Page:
The five disc Ultimate Collection: 60s Classics box rounds up 100 genre spanning hits from the explosive decade, with highlights arriving via iconic cuts from the likes of Jimmy Ruffin ("What Becomes of the Broken Hearted"), Percy Sledge ("When a Man Loves a Woman"), the Walker Brothers ("The Sun Ain't Gonna Shine (Anymore)"), and the Moody Blues (Nights in White Satin").
This collection can truly be called 'The Ultimate Collection' since it contains all the tracks they ever released. On this collection each track can be found as either a studio recording or a live recording.Disc one contains the complete debut album with some tracks from the second and third album. This disc gives the best example of how good Solution is. At their best they make progressive, jazzy music with references to Soft Machine and Supersister. The music is mainly instrumental with few vocals. But when they sing it sounds very nice. Disc two is less interesting. It starts good with a remaining track from 'Cordon Bleu', but with the fourth album Solution made more mainstream music. Most progressive music lovers will loose interest here.
This is another fabulous album from Russell, with all the favourites and a bonus live recording from the Royal Albert Hall. Anyone who enjoys the pure class of a brilliant operatic voice, will not be disappointed, by this marvellous mix of tracks.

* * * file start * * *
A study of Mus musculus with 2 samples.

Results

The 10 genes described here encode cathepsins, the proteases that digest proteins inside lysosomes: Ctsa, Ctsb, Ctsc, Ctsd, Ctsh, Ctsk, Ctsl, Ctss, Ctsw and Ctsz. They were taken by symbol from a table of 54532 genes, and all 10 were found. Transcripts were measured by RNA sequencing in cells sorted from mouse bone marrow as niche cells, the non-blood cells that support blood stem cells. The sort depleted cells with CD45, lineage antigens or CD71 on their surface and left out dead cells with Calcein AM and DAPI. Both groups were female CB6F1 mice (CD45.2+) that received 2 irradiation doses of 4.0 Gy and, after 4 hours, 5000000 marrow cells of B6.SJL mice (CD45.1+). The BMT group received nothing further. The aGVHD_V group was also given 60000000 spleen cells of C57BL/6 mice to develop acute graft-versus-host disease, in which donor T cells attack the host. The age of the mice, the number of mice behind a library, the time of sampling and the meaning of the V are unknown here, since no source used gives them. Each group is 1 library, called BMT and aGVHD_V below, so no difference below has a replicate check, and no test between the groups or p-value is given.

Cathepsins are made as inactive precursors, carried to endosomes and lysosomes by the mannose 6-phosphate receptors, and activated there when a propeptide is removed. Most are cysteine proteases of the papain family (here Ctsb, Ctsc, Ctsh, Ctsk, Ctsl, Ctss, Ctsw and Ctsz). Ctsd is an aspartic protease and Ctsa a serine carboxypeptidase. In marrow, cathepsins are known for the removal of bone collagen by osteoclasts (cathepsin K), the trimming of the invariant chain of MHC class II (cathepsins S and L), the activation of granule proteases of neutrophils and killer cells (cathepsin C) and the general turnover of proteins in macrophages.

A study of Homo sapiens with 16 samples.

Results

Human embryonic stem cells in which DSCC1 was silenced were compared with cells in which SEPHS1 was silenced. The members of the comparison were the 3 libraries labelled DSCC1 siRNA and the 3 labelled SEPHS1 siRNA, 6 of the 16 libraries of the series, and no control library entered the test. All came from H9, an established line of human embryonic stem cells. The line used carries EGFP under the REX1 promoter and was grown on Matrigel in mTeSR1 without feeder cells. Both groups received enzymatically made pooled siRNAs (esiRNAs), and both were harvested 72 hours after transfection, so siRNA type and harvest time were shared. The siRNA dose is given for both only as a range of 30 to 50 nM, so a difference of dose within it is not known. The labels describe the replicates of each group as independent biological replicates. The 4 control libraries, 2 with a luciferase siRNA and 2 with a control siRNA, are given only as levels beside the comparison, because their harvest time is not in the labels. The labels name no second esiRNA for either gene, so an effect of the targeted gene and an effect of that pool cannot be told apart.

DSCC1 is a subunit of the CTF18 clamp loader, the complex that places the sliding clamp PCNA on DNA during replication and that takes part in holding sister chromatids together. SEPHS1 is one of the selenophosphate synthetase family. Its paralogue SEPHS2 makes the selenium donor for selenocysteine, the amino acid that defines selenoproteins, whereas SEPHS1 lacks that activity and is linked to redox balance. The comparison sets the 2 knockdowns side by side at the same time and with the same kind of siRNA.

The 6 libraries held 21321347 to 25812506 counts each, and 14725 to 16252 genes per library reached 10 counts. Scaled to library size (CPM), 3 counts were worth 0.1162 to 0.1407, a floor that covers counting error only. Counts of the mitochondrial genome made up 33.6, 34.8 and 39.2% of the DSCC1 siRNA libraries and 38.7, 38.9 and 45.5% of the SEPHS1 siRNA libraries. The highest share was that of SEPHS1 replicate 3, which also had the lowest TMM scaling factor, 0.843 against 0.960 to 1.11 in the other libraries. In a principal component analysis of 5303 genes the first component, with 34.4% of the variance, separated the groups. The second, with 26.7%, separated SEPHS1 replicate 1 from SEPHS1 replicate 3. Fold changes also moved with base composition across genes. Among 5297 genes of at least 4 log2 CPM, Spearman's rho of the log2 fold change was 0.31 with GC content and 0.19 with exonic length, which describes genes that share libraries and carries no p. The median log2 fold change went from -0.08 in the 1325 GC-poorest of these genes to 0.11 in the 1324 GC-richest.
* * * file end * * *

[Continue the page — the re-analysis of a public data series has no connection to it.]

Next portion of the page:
Though billed as a Paul Simon anthology, Sony's 19-song Ultimate Collection features nearly as much Simon & Garfunkel material as it does his solo work. Ranging from the duo's early-'60s breakthrough folk hit "The Sound of Silence" to Simon's 1990 percussive, Latin-flavored single "The Obvious Child," this set is focused largely on the more titanic tracks of his career. Displaying his range equally as a singer ("Still Crazy After All These Years") and a songwriter (the Art Garfunkel-led masterpiece "Bridge Over Troubled Water"), it's difficult to choose highlights, as almost all of these songs are career highlights and many are widely recognized as iconic classics of pop music. While it would be nice to see some representation of Simon's excellent solo releases of the late '90s and early 21st century, it's tough to argue with the selections offered here.